A bunch of new enthusiastic reviews from the press screening of the New York Film Festival!
It’s hard to pull your eyes away from Cate Blanchett, who returns to the silver screen in Todd Haynes’ dazzling Carol. The film screened at this year’s New York Film Festival and tells of two women who fall in love at a time when doing so was detrimental. As the awards season continues to take shape, Blanchett’s performance is deserving of all the recognition that’s likely coming for her her and the film.
The subdued color palette paints the 1950s backdrop, and Blanchett sashays through its texture in luscious reds, greens, and pinks.
While Mara and Chandler deliver incredible performances, Blanchett is a vision to behold. It all comes back to that gaze, which is eloquently portrayed through the repeated use of mirrors and clouded glass; often times Therese and the camera view the object of affection through rain-stained car windows or in the blurred reflections of storefront displays. She doesn’t hold back, fearlessly tackling the intimate moments with Mara when their gaze is but a nose-length long. However, Blanchett truly comes alive in the subtle changes in expression. As we gaze into her eyes, she stares just as intently into Mara’s from across a table. She slowly, gracefully, expertly raises the corners of her lips into a soft smile, her eyes begin to pool with tears, and it becomes clear that this film about first love, about forbidden love, transcends sexuality and womanhood.
In terms of the Oscars, Blanchett is catnip for Academy voters. While Carol itself touts the theme of LGBT oppression, it’s also a period film, both of which are a part of the Oscars’ long history of standouts. It’s also a film which impresses at every level, including cinematography, costumes, directing, supporting talent, and writing. Carol seems like a potential contender for Best Picture and Supporting Actress, but it all comes back to Blanchett.
via Cinema Blend
“I can’t wait to see the new Cate Blanchett movie,” is not a sentence I ever recall hearing. Not in the way we might hear, “I can’t wait to see the new Sandra Bullock movie,” or, “I’m looking forward to the new Hugh Jackman movie.” Blanchett has become a given; someone we don’t talk about a lot even though we always like her work. Blanchett, a two-time Oscar winner, is not spoken of the way we usually talk about “movie stars,” yet for an actor we all appreciate a lot, we don’t appreciate her enough. And after seeing Carol, hell, she may be the only true movie star working today.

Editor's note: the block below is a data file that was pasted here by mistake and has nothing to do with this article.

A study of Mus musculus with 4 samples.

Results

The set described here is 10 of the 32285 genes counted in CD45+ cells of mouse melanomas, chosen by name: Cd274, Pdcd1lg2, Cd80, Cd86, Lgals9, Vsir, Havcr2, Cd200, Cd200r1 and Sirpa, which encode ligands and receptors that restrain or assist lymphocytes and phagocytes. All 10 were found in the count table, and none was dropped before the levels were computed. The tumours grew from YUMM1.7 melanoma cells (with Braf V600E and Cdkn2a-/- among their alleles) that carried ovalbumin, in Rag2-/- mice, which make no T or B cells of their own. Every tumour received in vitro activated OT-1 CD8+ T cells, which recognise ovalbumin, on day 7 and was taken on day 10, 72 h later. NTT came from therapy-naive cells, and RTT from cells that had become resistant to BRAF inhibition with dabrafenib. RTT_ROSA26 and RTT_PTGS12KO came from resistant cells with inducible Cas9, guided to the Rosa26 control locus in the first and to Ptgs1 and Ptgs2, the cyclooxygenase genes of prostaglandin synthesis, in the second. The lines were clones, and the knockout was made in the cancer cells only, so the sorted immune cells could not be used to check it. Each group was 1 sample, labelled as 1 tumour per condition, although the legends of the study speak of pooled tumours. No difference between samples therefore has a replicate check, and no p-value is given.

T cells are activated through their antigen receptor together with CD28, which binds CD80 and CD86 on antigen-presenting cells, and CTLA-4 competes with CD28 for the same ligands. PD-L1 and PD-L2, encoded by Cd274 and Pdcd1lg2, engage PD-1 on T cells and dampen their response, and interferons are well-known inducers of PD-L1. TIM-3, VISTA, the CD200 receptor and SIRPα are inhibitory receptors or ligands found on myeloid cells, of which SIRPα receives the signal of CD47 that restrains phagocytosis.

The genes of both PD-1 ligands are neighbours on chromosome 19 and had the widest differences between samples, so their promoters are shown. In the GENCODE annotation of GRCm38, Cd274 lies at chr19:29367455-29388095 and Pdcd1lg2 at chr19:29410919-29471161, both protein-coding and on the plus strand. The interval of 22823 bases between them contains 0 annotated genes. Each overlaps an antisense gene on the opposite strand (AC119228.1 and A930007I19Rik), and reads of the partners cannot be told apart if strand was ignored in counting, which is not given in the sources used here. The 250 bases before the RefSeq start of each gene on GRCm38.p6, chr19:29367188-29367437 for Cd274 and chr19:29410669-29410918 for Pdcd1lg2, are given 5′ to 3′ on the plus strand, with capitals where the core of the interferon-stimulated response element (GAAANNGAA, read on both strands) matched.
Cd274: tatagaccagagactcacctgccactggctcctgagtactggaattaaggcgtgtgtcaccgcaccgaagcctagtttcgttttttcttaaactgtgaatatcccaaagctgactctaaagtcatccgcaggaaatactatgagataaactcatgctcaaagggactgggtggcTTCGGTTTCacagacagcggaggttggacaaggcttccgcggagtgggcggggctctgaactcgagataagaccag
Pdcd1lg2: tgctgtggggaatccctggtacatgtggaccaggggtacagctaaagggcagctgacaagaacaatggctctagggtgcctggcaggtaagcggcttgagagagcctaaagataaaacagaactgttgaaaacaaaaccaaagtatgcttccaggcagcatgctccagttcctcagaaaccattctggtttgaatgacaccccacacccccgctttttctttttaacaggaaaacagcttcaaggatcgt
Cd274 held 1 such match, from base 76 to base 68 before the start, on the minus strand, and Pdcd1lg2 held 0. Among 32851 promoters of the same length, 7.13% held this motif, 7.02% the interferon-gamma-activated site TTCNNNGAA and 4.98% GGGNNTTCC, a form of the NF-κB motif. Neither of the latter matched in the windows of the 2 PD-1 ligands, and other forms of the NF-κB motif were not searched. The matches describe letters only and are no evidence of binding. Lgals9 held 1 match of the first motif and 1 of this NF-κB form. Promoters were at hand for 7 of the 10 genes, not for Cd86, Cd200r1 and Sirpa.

In a way, it’s weird that Cate Blanchett is in movies like The Lord of the Rings trilogy and Indiana Jones and the Kingdom of the Crystal Skull — because those movies were mass commercial successes, yet we don’t think of her as someone who does those kinds of movies. Somehow, since American audiences got to know her back in The Talented Mr. Ripley, Blanchett has maybe become the least-famous really famous person.
My point is: Cate Blanchett is the best actor working today and this should just be accepted as fact, to the point no one ever needs to make a case for her again. Look, in the past, I’ve been guilty of taking Blanchett for granted. She was obviously great in Blue Jasmine, winning an Academy Award for Best Actress. But there was something about it being a Woody Allen movie, and the fact that a lot of people win these kinds of things when they work for Allen. Watching her in Carol (which is currently screening at the New York Film Festival), I will never take her for granted again.
Nothing takes me out of a movie more than bad exposition. In Carol, Blanchett, who plays the title character, Carol Aird, can give years of backstory with one look. It’s uncanny. In seconds, we understand the pain of her failed marriage to Harge.
There’s a scene near the end of the movie that’s just a phone call between Carol and Therese. If I remember correctly, only one word is spoken. It’s immensely powerful. The way Blanchett almost caresses the voice coming from the other side. Again, with no words, we understand everything. Carol manages to punch such an emotional wallop without using the tropes that most movies use. Put it this way: the ending legitimately surprised me. I was expecting something that we all come to expect. I was not expecting what we wind up seeing and for it to still hit that hard.
And as good as Mara is in Carol, Blanchett is a true force. I couldn’t take my eyes off Blanchett. Everything she does in this movie is captivating. And it’s interesting to compare her work here to another awards contender, Truth. In many ways, on paper, Truth is the meatier role. Blanchett acts in that movie. But in Carol, there’s something much more, almost spiritual, happening. She grasps onto you and doesn’t let go.
In this world in which the movie star is disappearing, replaced by endless franchises: Cate Blanchett is a movie star. Cate Blanchett is the only movie star. Cate Blanchett is the movie star we deserve.
Now it’s “The Breathtaking Carol”, where another female protagonist is been seen in her finest form. Cate Blanchett serves one of her most realistic approach with her character in her entire acting resume. She is being applauded with diverse recognitions that she deserves well for her outstanding performance in the Todd Haynes’ fascinating movie.
Cate especially, has broken all the boundaries to get under the skin of Carol, the character she essayed on the silver screen.
The performances are predictably astonishing; Mara has a way of conveying the fullness of her character in an offhand line reading, and the variations in Blanchett’s tight smile tell, in their own way, the film’s entire story.